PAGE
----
Richard M. Christensen


bendingironcaptionThe distinction between ductile failure and brittle failure is one of the cornerstones of materials science, in addition to being of utmost importance for materials applications. Ductile-brittle transitions as influenced by some control variable, such as temperature, have been very extensively examined. Basic theoretical studies of the transition effect have usually (but not always) been posed in the context of the activation and flow of atomic scale dislocations in face centered cubic and body centered cubic metals, or in more idealized forms. Despite the large amount of research already done on the ductile-brittle transition, very little of it has been successfully reduced to standard practice and a uniformity of understanding for the full spectrum of materials types. The specification of ductile versus brittle failure criteria for all homogeneous materials has continued to be indistinct and elusive.

Some perspective on the problem can be gained as follows. The same as with temperature, pressure can be used to control ductile-brittle effects. Sufficiently large superimposed pressure can convert what is normally thought of as a brittle material into a ductile material. Bridgeman was awarded the Nobel Prize at least partially for illuminating the problem nearly a hundred years ago. However, positive or negative pressures are but a part of the full stress tensor, and because of this they are more complex than scalar temperature variation. This complexity has been something of a barrier to the understanding of ductile-brittle failure effects.

Proceeding further with this ductile-brittle reconnaissance, all stress states can be decomposed into a dilatational part (as with hydrostatic stress) and a distortional part (as with shear stress). Consider the three following stress states, uniaxial tension, eqi-biaxial tension, and eqi-triaxial tension. The decomposition of these stress states into dilatational and distortional parts are as shown in the table below.


Each of the two distortional (shear) stress states can be further decomposed into two simple shear stress states as with


For further investigation, consider only those materials that are normally thought of as being very ductile, e. g. aluminum, copper, etc. Such isotropic materials have the uniaxial tensile and compressive yield stresses as being identical, T = C, to within experimental discrimination. Also, the same failure values occur for eqi-biaxial tension, for these materials. Other materials types have T/C<1, or much less in some cases. For convenience, refer to the distortional part of the stress tensor as shear. Designate by S a measure of the shear part of the stress tensor (the Mises stress for example) and by D designate a measure of the dilatational part, both at yield/failure. Normally it is only the shear part that controls yield/failure in these T = C materials but it is both S and D that relate to the ductile versus brittle failure mode type. For present purposes, take a possible ductility index for these three cases as specified by S/D. In the uniaxial tension case normalize this S/D ratio to the value of 1. It then follows that the S/D ratio for the eqi-biaxial tension case will have the value of 1/2 because it has the same value for S as in uniaxial tension (the sign change shown in the table is irrelevant) but its value for D is twice as large as that in uniaxial tension. Finally, for the eqi-triaxial tension case there is no shear, S = 0, so its ductility index is S/D = 0.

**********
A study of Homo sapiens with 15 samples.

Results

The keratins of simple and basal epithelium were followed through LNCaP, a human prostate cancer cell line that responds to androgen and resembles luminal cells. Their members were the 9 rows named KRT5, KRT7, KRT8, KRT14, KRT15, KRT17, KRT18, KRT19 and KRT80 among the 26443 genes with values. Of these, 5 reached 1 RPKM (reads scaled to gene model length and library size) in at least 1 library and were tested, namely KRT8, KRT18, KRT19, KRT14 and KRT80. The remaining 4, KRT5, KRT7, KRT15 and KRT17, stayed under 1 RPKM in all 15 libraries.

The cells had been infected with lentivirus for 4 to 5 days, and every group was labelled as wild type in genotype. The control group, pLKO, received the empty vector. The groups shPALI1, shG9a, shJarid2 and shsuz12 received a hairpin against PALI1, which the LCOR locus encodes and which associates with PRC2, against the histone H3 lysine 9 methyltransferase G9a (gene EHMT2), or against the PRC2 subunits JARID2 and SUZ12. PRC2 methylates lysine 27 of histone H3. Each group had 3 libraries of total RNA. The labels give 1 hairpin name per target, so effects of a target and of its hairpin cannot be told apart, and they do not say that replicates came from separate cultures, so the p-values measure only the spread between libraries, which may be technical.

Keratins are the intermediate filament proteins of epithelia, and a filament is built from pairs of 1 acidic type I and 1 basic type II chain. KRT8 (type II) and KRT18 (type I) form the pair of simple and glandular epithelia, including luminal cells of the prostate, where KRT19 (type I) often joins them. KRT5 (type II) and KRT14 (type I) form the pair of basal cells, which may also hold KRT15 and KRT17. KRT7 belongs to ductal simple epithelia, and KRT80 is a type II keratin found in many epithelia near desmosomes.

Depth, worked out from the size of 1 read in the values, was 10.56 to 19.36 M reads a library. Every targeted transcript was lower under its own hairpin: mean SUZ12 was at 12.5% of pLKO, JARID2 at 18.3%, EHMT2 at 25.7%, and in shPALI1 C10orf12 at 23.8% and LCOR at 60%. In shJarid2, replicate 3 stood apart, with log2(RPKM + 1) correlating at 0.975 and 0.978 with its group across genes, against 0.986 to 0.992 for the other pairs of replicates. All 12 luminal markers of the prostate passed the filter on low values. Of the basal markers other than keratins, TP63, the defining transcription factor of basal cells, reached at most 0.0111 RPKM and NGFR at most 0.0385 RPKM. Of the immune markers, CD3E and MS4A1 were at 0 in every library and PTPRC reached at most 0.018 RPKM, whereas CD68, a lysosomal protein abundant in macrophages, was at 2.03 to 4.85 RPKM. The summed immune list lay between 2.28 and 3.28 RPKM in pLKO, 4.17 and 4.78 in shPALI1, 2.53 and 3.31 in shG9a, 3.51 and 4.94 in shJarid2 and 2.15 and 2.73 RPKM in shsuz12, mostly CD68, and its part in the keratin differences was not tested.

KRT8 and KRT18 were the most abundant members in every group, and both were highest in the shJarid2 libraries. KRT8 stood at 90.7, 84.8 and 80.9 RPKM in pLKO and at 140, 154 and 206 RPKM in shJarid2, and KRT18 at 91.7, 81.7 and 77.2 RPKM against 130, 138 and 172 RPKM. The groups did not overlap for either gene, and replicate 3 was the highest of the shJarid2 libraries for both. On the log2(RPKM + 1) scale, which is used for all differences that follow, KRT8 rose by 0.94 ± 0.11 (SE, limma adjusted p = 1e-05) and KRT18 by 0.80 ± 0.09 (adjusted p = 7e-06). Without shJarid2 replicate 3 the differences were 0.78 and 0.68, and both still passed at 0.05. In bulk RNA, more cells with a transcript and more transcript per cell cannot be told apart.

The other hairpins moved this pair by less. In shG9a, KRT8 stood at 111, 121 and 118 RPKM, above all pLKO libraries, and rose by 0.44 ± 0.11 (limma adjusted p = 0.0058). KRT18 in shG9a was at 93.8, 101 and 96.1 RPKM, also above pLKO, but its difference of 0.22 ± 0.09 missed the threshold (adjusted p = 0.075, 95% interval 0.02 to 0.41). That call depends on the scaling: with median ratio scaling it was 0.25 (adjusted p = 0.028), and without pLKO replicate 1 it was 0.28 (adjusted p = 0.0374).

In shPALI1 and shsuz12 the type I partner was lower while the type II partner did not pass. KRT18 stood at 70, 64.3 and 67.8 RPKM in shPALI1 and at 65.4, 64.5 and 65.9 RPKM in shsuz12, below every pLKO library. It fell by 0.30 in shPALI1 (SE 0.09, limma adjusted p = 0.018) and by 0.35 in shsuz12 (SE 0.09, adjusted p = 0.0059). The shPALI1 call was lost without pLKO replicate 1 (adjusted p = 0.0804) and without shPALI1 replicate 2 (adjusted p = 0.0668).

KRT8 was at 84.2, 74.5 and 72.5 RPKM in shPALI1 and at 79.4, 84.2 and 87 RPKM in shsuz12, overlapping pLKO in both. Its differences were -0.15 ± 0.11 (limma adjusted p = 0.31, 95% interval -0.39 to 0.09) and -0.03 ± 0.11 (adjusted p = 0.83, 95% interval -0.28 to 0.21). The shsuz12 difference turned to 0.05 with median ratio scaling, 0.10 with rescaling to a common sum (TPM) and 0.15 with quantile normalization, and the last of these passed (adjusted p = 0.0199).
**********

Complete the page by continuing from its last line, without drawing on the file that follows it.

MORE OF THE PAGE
In this manner and for these three cases there is a ductility scale that goes from 0 to 1 with the value 0 being that of no ductility (major brittleness) and that of 1 being major ductility. Collecting these three cases for materials with T = C then gives


The triaxial case falls into the brittle category since there are no shear stresses to activate dislocation flow in these T = C materials. That an eqi-triaxial tension test is exceedingly difficult to perform is not of concern here, only the type of failure is being considered.

The present reasoning and discussion is for background purposes only and does not represent a specific technical approach. Nevertheless it does quite clearly indicate that there is a primary linkage between (i) ductile versus brittle failure behavior and (ii) the type of stress state which is imposed. Any comprehensive failure theory must account for these effects. They can be just as important as the effects due to temperature variation. They comprise the litmus tests (criteria) indicating and differentiating ductile yield behavior from brittle failure behavior.

A general criterion for the ductile-brittle transition is developed in a published paper (2005) which is listed and can be downloaded in Section II of this website. The theory given there interestingly determines that the state of eqi-biaxial tension for materials with T = C does infact lie on the borderline transition between ductile yield and brittle failure. More importantly, the theory covers all isotropic materials types having T ≤ C, and all stress states.